Department of Family Medicine and Community Health
Medical Subject Headings
Pregnancy; Prenatal Care; Patient Education as Topic; Health Education
Community Health and Preventive Medicine | Life Sciences | Maternal and Child Health | Medicine and Health Sciences | Obstetrics and Gynecology | Preventive Medicine
Background: Currently, the timing and variety of health education topics that are covered during prenatal visits are decided upon by the individual physician caring for the patient. Consequently, some patients do not gain exposure to important subject matter that could potentially improve their satisfaction and pregnancy outcomes. Previously reported studies have found evidence that improved patient education may increase rates of breastfeeding (as well as duration), seat belt use during pregnancy, and decrease preterm low birth weight infants. In addition, one study has shown that when prenatal visits are targeted to specific objectives, the number of prenatal visits can be decreased without negatively affecting pregnancy outcomes.
Objectives: The objectives of this study were to evaluate if prenatal patient satisfaction and knowledge about pregnancy improves if a structured prenatal education plan is implemented throughout a family medicine health center. Also, we sought to evaluate if a structured prenatal education plan for expectant mothers will improve specific clinical outcomes.
Methods: Focus groups were held in which prenatal patients were asked about their level of satisfaction with current prenatal care practices at the Hahnemann Family Health Center. Advice for improvement was also elicited. The data gathered from the focus group, the input of physicians at the health center, and information gathered from a review of current prenatal education materials around the country was used to create a new prenatal health education plan.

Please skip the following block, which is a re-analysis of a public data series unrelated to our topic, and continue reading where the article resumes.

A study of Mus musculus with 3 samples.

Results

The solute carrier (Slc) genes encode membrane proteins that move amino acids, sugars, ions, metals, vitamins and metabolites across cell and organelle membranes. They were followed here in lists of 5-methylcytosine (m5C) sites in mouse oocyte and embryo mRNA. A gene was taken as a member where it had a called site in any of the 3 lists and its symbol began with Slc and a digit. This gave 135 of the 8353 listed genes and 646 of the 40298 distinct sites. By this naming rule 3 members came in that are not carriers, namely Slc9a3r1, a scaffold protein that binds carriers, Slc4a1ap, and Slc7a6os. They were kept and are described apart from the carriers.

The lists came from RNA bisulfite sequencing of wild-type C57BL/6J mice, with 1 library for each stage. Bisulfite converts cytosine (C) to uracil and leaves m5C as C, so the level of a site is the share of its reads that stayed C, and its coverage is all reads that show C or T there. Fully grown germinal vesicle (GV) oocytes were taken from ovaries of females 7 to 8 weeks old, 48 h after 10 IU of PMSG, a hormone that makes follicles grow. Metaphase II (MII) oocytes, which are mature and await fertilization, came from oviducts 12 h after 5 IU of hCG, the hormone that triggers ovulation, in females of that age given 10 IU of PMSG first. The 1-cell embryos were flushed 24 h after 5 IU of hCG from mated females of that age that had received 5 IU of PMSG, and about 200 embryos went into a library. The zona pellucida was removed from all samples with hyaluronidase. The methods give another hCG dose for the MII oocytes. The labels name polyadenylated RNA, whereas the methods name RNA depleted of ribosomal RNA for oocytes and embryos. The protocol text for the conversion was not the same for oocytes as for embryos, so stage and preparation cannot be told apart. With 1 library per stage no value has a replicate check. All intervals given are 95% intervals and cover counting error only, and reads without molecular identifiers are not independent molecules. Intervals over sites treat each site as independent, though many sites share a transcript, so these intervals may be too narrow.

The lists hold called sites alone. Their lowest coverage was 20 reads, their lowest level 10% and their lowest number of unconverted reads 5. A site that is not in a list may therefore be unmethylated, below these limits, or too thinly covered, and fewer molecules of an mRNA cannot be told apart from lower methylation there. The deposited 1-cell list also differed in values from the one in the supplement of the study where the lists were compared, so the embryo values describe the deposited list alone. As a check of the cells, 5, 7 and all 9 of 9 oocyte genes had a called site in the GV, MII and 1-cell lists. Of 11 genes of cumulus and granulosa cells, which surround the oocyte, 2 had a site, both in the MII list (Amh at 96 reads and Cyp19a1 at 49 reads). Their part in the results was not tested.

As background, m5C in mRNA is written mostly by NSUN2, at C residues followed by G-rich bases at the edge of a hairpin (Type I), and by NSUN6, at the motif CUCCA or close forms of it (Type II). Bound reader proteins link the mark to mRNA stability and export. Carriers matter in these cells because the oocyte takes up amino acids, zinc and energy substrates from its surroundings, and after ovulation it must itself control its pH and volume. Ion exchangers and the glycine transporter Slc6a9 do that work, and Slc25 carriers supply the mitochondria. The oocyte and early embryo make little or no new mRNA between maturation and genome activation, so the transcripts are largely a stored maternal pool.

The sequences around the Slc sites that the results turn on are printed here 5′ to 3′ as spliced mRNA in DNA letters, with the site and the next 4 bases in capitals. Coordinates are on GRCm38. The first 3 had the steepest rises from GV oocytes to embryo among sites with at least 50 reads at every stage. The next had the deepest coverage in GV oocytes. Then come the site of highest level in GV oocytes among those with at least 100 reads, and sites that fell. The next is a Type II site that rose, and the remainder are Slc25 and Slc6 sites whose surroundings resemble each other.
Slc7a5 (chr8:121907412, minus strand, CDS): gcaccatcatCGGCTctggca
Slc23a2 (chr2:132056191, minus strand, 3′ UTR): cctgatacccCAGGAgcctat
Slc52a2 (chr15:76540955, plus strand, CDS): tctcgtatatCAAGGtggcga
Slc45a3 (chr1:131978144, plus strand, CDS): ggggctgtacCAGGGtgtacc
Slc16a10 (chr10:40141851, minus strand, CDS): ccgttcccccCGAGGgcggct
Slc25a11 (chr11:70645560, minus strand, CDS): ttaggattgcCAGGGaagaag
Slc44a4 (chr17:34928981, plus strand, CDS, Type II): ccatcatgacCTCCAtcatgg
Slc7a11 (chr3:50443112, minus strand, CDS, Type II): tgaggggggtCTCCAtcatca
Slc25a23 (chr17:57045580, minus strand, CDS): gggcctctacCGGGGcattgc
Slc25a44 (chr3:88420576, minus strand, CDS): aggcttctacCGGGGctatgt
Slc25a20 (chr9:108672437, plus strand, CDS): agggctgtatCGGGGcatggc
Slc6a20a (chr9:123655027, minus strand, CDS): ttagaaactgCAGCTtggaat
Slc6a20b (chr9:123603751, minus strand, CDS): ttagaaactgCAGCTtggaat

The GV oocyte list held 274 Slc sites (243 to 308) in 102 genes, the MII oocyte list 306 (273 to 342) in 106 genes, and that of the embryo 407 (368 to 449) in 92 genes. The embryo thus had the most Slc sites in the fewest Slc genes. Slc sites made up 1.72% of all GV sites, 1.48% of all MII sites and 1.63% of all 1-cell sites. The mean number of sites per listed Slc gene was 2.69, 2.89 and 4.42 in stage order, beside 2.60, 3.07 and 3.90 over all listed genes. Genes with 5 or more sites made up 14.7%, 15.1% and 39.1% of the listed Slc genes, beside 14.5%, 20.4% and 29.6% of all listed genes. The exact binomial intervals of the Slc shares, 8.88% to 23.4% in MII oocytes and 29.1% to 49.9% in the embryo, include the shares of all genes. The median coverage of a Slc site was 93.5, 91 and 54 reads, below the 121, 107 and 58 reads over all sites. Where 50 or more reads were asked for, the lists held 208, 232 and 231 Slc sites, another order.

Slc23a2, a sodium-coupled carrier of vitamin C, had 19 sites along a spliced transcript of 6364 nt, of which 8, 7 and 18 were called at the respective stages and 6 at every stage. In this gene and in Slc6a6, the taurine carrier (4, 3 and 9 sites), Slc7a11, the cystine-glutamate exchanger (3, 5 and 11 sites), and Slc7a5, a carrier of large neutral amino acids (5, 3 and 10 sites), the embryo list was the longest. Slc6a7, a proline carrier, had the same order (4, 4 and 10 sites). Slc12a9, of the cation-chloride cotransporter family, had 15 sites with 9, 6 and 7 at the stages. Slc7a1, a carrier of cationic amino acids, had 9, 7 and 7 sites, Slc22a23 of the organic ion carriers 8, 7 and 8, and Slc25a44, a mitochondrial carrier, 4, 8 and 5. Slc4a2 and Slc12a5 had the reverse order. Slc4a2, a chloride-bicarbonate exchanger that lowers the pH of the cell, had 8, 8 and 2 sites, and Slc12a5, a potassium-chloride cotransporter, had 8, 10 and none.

In addition, data collection tools (three surveys) were specifically created for this study (partially based on previously validated tools). Surveys were specific for the first trimester, third trimester, and postnatal period. Currently in year one, pregnant women have been, and will continue to be, surveyed regarding their prenatal knowledge and satisfaction given the current state of prenatal care at the health center. During this year approximately 50 patients in their first trimester will be enrolled and surveyed throughout the pre and postnatal period. At the beginning of year two, the new prenatal education plan will be implemented. A new cohort of about 50 patients at the health center, who receive the new prenatal health education, will be assessed on their level of prenatal knowledge and satisfaction using the same survey tools. Knowledge/satisfaction will be compared between the two groups. In addition, clinical measures (such as number of phone calls regarding prenatal issues between scheduled visits, number of trips to the emergency room, preterm labor, smoking cessation rates, and breast feeding) will be compared, via a chart review, between the two groups.
Results: Focus groups, with women who currently receive prenatal care at the health center, revealed that women were inconsistently counseled about ways to combat stress during pregnancy, expectations for the mother and baby while in the hospital during labor and delivery, the reason the health center collects a urine sample during each prenatal visit, as well as dental care and preterm labor precautions. In addition, at least one woman reported never discussing with her physician topics such as nutrition during pregnancy, weight gain, breastfeeding, stages of pregnancy, and development of the baby.
Initial survey results indicate that women in their first trimester of pregnancy most often feel they have “some knowledge” about pregnancy and prenatal-related issues but patients vary widely on their confidence in making decisions regarding basic pregnancy issues without having to talk to a doctor. About 50% believe they have added stress in their life due to pregnancy. Worries regarding pregnancy and child care topics vary widely. About 78% of the time, women answered knowledge-based questions concerning pregnancy-related topics correctly.
Conclusion: Initial results indicate that there are currently gaps in prenatal education and knowledge throughout prenatal care at the health center. Based on our findings and those of previously published studies, it can be hypothesized that by closing these gaps, as with a structured health education plan, clinical outcomes will improve. We will be better able to assess this hypothesis after year two of this study. While patient satisfaction cannot be assessed at this time, our early survey results indicate that first trimester women seem to subjectively and objectively have some accurate prenatal knowledge.
Boucher, Marcy Keddy; Silk, Hugh; Savageau, Judith A.; Barnard, Katharine C.; and Flynn, Mary, "Improving Prenatal Education in a Health Center: A Pilot Study" (2011). University of Massachusetts Medical School. Senior Scholars Program. Paper 113.